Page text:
Moroni mayor describes new police chief as well rounded officer with people skills
By Suzanne Dean
MORONI—Steve Gray, who has been a police officer for 15 years and most recently was a patrol supervisor for the Lindon Police Department in Utah County, is the new police chief in Moroni.
Gray was sworn in and started his new job last Monday, Feb 25.
In introducing Gray to the Moroni City Council at a meeting on Feb 21, Mayor Paul Bailey described him as “well rounded officer,” who has management skills and people skills.
A few weeks ago, a panel that included Bailey, Councilman Jed Demill and officers from other law enforcement agencies in the county interviewed candidates for the position.
Demill told fellow council members at the meeting Gray was clearly the best candidate interviewed.
Gray started his career in 2004 with the South Jordan Police Department. After a few years, he moved to the Pleasant Grove Police Department, which covered both Pleasant Grove and Lindon.
When Lindon broke off and created its own department, Gray became one of the founding members of the Lindon Police Department.
While in Lindon, he worked in a range of positions. He was a school resource officer, started and supervised a reserve officer program, and spent five years in investigations, where he worked on aggravated assaults, aggravated robberies, bank robberies, homicides and sex crimes, among other cases.
During his final two years in as an investigator, he worked full time on sex crimes, including rape, child abuse and child pornography.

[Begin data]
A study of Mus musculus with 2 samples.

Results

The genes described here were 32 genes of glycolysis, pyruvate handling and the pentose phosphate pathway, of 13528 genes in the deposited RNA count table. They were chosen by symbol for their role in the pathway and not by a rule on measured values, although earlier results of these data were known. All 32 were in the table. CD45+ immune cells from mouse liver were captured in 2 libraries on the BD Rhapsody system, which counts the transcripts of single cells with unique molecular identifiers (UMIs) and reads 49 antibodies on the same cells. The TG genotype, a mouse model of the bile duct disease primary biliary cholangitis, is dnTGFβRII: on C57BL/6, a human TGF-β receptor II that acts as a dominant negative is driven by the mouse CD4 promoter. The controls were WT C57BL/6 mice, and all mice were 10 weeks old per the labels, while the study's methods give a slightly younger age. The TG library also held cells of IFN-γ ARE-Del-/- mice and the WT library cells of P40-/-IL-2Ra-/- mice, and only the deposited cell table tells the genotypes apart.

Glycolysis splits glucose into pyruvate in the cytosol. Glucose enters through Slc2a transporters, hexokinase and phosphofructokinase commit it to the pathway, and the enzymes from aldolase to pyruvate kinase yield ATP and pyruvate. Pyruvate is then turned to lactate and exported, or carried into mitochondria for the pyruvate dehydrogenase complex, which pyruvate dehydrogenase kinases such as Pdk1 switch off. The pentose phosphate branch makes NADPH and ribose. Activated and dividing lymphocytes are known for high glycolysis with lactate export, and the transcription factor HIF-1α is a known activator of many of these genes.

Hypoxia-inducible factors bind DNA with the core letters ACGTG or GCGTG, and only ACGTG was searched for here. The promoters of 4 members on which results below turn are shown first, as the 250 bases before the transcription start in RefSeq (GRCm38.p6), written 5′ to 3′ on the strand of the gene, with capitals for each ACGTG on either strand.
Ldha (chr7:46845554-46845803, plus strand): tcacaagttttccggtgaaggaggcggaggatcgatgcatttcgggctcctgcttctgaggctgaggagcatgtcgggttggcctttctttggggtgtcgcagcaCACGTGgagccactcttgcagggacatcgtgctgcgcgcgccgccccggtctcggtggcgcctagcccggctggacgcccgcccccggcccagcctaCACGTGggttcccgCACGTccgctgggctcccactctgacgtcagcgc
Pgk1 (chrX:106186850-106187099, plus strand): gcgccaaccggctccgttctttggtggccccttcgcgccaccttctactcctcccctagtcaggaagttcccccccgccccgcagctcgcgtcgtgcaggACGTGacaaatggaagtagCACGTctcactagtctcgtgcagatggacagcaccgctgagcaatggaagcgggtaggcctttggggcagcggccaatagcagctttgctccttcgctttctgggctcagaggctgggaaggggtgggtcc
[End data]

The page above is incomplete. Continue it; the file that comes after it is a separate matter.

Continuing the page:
During that time, he also served on a special Utah County task force on sex crimes and worked with the Utah Attorney General’s Office to implement an internet crime interdiction program in Utah County.
Two years ago, Gray was promoted to patrol supervisor, a job involving supervising 10 officers, including preparing budgets and performing job evaluations.
Councilman Orson Cook asked Gray how he would respond to drugs in Moroni.
Gray said the Lindon Police Department practices “proactive enforcement.” When it gets tips watching the house closely.
“When we get enough (evidence), I can tell you that a search warrant is prepared, and we go deal with the problem,” he said.
“From my experience, it stops the problem temporarily. Drugs are a huge problem, and unfortunately, they will continue to be. But showing that we’re there, showing that we enforce (the law) goes a long way.”
Councilman Fred Atkinson asked Gray if he was willing to do routine tasks, such as helping out with animal control and serving as a crossing guard occasionally.
“To me, that’s what a police officer is,” Gray said. “If we’re called to go out and help people cross the road, so be it.”
Atkinson asked him if he was ready for a slower pace than in Lindon. Gray said of his new job, “It’s what you make it. If there are no calls, there’s still good to be done. Whether that’s going to meet with citizens in the neighborhoods and just say ‘hi’—I shoveled a person’s driveway just to say ‘hi,’—there are situations where we can make ourselves more of a community-oriented police agency, which I support.”
Gray and his wife, Jen, met in high school and have been married 25 years. They have four children—a son, 24; two daughters, 20 and 16; and a son, 10. They have put an offer on a home in Moroni.